Tester says '100 percent' of reconciliation package must be paid for

Sen. Jon TesterJonathan (Jon) TesterThree dead, dozens injured after Amtrak train derailed in Montana The Hill's Morning Report - Presented by Alibaba - Biden jumps into frenzied Dem spending talks Congress facing shutdown, debt crisis with no plan B MORE (Mont.), a Democratic moderate, on Monday joined maverick Sen. Joe ManchinJoe ManchinPelosi sets Thursday vote on bipartisan infrastructure bill Budget impasses mark a critical turning point in Biden's presidency Democrats urge Biden to go all in with agenda in limbo MORE (D-W.Va.) in calling for fellow Democrats to pay for all of the massive human infrastructure spending bill they are drafting behind closed doors.

Tester told reporters outside the Capitol that he wants “100 percent” of the bill, which Senate Majority Leader Charles SchumerChuck SchumerAnti-Trump Republicans on the line in 2022 too Democrats urge Biden to go all in with agenda in limbo Democrats press Schumer on removing Confederate statues from Capitol MORE (D-N.Y.) plans to pass under the budget reconciliation process, to be paid for.

That means Democrats will need to come up with at least another $600 billion in offsets if they are to meet their $3.5 trillion spending goal and get Tester’s vote.


Most of the attention on potential Democratic defections has been focused on Manchin and centrist Sen. Kyrsten SinemaKyrsten SinemaBudget impasses mark a critical turning point in Biden's presidency Democrats urge Biden to go all in with agenda in limbo Why Democrats opposing Biden's tax plan have it wrong MORE (D-Ariz.), but other moderate Democrats are leery about passing another massive spending bill when the national debt is fast approaching $29 trillion.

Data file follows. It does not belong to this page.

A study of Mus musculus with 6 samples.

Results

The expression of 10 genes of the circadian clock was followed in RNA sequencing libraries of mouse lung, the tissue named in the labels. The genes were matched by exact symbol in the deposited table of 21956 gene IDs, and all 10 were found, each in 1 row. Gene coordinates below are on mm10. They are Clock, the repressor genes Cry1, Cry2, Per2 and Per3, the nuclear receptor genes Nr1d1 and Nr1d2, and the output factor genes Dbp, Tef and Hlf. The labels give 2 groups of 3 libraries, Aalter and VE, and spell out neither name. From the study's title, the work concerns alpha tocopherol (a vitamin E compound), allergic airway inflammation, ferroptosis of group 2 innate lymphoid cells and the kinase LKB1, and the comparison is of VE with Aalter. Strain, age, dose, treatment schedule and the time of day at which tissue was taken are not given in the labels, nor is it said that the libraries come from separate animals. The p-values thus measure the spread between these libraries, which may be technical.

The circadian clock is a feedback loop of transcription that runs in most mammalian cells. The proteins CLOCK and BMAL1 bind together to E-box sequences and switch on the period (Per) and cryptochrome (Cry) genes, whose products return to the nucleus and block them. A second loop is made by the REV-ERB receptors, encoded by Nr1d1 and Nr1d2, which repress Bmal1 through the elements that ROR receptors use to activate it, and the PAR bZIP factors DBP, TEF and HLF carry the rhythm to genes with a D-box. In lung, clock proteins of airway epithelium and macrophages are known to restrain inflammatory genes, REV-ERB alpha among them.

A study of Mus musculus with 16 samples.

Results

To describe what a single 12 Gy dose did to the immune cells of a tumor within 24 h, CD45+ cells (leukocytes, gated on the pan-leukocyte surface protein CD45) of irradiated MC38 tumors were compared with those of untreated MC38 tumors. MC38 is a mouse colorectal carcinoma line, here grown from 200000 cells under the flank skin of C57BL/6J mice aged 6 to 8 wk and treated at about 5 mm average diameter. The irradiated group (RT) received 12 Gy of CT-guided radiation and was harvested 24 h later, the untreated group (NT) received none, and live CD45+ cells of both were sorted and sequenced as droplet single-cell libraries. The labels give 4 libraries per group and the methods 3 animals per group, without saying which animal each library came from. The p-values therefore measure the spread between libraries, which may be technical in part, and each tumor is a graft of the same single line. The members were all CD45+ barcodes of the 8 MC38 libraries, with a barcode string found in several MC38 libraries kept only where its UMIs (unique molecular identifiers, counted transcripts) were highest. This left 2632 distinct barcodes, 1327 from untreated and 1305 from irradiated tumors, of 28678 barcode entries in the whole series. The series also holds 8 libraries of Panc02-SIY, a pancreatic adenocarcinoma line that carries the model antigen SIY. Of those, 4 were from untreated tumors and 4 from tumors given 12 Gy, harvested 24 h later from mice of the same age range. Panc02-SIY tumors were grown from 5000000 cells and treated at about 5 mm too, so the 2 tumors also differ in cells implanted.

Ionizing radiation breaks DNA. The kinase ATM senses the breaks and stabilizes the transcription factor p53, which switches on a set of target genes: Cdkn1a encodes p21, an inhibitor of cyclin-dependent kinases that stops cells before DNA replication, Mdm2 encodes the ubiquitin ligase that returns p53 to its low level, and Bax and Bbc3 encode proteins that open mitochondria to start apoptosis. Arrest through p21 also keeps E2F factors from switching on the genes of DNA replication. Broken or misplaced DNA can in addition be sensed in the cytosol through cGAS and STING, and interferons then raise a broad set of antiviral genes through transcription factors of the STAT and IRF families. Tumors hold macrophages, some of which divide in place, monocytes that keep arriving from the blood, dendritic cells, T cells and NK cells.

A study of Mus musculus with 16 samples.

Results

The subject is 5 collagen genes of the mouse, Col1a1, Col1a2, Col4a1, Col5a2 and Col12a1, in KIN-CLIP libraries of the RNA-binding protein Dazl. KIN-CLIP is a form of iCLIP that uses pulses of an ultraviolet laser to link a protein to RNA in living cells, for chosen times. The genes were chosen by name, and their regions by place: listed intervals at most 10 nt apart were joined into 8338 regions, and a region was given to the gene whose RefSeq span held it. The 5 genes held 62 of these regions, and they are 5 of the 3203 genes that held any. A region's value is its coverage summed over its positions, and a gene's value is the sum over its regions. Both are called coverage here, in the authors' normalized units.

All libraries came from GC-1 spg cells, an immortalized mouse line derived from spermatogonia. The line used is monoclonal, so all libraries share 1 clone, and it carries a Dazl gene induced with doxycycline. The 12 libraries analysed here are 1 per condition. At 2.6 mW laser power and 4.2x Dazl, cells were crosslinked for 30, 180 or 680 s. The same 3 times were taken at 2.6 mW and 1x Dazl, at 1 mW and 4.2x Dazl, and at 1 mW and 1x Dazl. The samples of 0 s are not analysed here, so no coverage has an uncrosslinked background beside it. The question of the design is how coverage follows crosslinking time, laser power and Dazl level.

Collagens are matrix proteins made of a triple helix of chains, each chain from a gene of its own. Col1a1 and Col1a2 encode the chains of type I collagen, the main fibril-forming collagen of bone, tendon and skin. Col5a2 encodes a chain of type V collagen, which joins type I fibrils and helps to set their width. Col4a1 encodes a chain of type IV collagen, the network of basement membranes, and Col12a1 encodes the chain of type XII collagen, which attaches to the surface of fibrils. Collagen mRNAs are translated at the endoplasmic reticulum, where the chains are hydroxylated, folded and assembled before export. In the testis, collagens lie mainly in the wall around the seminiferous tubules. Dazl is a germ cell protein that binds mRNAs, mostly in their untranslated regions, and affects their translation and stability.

A tax package unveiled over the weekend by House Ways and Means Committee Chairman Richard NealRichard Edmund NealWhy Democrats opposing Biden's tax plan have it wrong Biden says he supports taxing billionaires' investment gains annually Overnight Energy & Environment — Presented by the League of Conservation Voters — EPA finalizing rule cutting HFCs MORE (D-Mass.) would raise an estimated $2.9 trillion, falling short of covering the top-line spending number outlined by the Senate- and House-passed budget resolutions.

Neal’s package, which would raise the corporate tax rate from 21 percent to 26.5 percent — just short of the 28 percent mark endorsed by President BidenJoe BidenPelosi sets Thursday vote on bipartisan infrastructure bill Pressure grows to cut diplomatic red tape for Afghans left behind President Biden is making the world a more dangerous place MORE — omits several elements that are popular among Democrats.

Chief among them is a proposal backed by the White House and Senate Finance Committee Chairman Ron WydenRonald (Ron) Lee WydenOn The Money — House pushes toward infrastructure vote Hillicon Valley — Presented by Xerox — EU calls out Russian hacking efforts aimed at member states Why Democrats opposing Biden's tax plan have it wrong MORE (D-Ore.) to eliminate stepped-up basis for unrealized capital gains when assets are passed on to heirs.


Tester, whose family owns an 1,800-acre farm, on Monday said he’s glad the proposal to eliminate stepped-up basis for unrealized capital gains has been dropped from the House package.

“It’s a good thing,” he said.

Tester was less certain about Neal’s proposal to set the corporate capital gains rate at 26.5 percent.

“It depends on a couple things. Number one, what’s it raise in dollars? Number two, how it’s going to be spent?” he said. “I think what’s really important is how the money is spent.” 


Tester said the Democratic package remains fluid.

“There have been discussions all the time, but nothing has been put in stone until today,” he said. “I’m already starting to get briefs from my staff on what’s in it.”